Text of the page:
The formation of a stable government at the Centre has lifted stock markets out of years of stupor. The Bombay Stock Exchange (BSE) Sensex has, as a result, risen 20% since January; it touched a high of 26,190 points on July 8.
These two are the top picks of HDFC Top 200 too. One reason for the increased exposure is the sharp rise in bank stocks in the last few months. ICICI Bank, for instance, rose 20% in April. The next favourite sector of mutual funds is information technology or IT (10%), followed by pharmaceutical (7%), finance (5%), consumer non-durables (5%) and automobile (5%). Although defensive sectors such as IT, pharmaceutical and consumer nondurables still account for a big chunk of funds' assets, their overall contribution has fallen since the start of the year (See Change in Sectoral Deployment).
These are the opposite of defensive stocks, which are stable and so in demand when stock markets are under pressure. Naren says among the three components of gross domestic product (agriculture, industry and services), industrial growth could see the maximum traction, which should drive earnings and stock prices over the next three years.
Further, the government's thrust on infrastructure will boost power generation and road construction and provide cascading benefits to manufacturing and services sectors. In fact, many projects stuck at various stages will be the first beneficiaries of this trend. The new government is expected to reduce stress in the financial sector, revive capital expenditure, get stalled projects going, remove investment bottlenecks and increase investment in railways & roads.
The finance ministry estimates that lack of good infrastructure has been holding back economic growth by 1.5-2% points every year. This is likely to change and, hence, bring enormous benefits to companies allied to the infrastructure sector. Going by this view, besides banking, ICICI Prudential Focused Bluechip fund has increased exposure to power utilities and construction project company Larsen & Toubro and halved exposure to pharmaceutical (from 7% in January to 3% in May).
Exposure to IT is down from 17% to 12%. Naren says these changes did not happen due to election results. This was a gradual process that started once the country's current account deficit started falling. "We saw opportunities in domestic cyclicals and reduced exposure to metals and global cyclical stocks," he says.
The sectors include infrastructure, capital goods, engineering, cement, auto and banking. Global cyclicals are companies in IT, pharmaceutical, material and oil & gas sectors. The fall in IT sector exposure could be due to rising rupee and lower earnings guidance given by most IT companies for the year. Anand Radhakrishnan, chief investment officer, Franklin Equity, Franklin Templeton Investments India, says many infrastructure stocks have been punished because of the huge debt on books of these companies. Besides, slowing economic growth has been especially tough on these companies.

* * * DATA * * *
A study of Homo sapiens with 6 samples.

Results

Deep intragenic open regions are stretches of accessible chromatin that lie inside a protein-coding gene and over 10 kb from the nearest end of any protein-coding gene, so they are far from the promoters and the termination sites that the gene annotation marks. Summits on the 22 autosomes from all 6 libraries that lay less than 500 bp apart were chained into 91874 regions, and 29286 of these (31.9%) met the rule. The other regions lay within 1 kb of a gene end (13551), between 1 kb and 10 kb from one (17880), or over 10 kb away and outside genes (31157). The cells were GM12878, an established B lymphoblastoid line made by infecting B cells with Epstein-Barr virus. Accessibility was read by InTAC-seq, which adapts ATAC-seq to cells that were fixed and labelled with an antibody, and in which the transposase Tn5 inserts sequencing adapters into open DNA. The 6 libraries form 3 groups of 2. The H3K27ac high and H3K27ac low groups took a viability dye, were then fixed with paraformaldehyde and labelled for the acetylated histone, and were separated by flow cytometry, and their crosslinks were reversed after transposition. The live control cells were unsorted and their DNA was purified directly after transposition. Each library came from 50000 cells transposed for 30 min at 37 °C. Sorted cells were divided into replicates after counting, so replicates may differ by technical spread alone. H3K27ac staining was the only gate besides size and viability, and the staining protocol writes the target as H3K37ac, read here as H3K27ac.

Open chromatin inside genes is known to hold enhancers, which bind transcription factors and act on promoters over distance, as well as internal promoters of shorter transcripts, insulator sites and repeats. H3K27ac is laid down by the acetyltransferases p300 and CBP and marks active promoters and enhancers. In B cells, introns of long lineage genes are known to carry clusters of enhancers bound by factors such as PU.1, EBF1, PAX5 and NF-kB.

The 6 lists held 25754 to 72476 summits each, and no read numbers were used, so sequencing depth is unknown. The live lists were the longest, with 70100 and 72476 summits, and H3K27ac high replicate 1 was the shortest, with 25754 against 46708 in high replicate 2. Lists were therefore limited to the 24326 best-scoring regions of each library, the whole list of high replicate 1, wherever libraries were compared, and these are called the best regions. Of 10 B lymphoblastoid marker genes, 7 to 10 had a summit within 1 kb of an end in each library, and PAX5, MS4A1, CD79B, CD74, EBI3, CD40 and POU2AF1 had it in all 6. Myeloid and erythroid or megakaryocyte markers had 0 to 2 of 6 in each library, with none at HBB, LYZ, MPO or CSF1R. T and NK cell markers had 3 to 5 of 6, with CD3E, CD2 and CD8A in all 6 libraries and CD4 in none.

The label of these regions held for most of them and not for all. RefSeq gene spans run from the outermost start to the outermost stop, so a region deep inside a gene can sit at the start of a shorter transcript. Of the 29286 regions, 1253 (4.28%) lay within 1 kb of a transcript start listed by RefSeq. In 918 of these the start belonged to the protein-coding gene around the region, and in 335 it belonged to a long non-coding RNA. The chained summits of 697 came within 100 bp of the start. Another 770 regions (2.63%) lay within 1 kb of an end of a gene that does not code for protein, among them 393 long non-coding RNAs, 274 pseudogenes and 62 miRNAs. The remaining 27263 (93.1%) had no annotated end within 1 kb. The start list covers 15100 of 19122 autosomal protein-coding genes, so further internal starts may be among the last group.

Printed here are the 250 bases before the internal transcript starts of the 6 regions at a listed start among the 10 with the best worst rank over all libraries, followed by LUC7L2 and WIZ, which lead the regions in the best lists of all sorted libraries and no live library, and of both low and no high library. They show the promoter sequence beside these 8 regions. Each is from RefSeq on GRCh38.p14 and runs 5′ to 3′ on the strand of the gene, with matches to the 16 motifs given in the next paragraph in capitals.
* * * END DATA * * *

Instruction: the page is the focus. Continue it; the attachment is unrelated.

If the macro environment improves and interest rates fall, the burden on their balance sheets will come down and the stocks will start to deliver better returns. "Further, if government policies in power, road, railway and defence sectors become more clear, we will have a lot of investable ideas," he adds.
Among the large schemes, Reliance Equity Opportunities, too, has increased exposure to domestic cyclicals. Sunil Singhania, CIO, equities, Reliance AMC, says the fund was fairly invested in capital goods companies before elections as their valuations were lower than that of consumer companies.
Commenting on valuations after the recent rise in stock prices, Singhania says past profits (trailing P/E) are not the correct way to judge the present stock prices since the environment was not conducive then.
Valuations, he says, must be based on future profits, which are expected to rise.
ICICI Bank is the largest contributor to assets of equity mutual funds (Rs 12,700 crore, as against Rs 10,000 crore in April), followed by HDFC Bank (Rs 9,000 crore) and State Bank of India (Rs 8,400 crore). Banks account for 50% top 10 stocks held by mutual funds by market value.
Larsen & Toubro has taken the fourth place by contributing Rs 8,200 crore (from Rs 6,600 crore in the previous month) owing to a sharp surge in its stock price. Infosys, used to ruling the roost, has fallen to the fifth place (Rs 7,900 crore). Reliance Industries has slipped owing to slow rise in its stock price.
ITC, too, has lost its place as funds are shying away from consumer companies and focusing on cyclicals. The exposure to TCS is Rs 4,100 crore. The figure for Maruti and Axis Bank is Rs 4,000 crore each (See Top Stocks Held by Some of the Largest Mutual Fund Schemes).
Investors must note that most of the above stocks account for a large part of mutual fund portfolios since they have a high weight in benchmark indices as well. One of the largest equity schemes by market capitalisation, Birla Sun Life Frontline Equity, which manages Rs 5,300 crore, is benchmarked against the BSE 200 index.
This means if the weight of the banking sector in the benchmark is 10%, the fund will invest 7-13% funds in bank stocks. Clearly, hope of a turnaround in the fortunes of the economy after the elections would have led mutual funds to increase exposure to many sectors. "While it is good for investors to know the stocks bought and sold by mutual funds, they may not follow it for their direct equity portfolio considering that funds buy/sell at different prices and are adept at tracking them," says Gaurav Mashruwala, a certified financial planner. The job, he says, is best left to fund managers.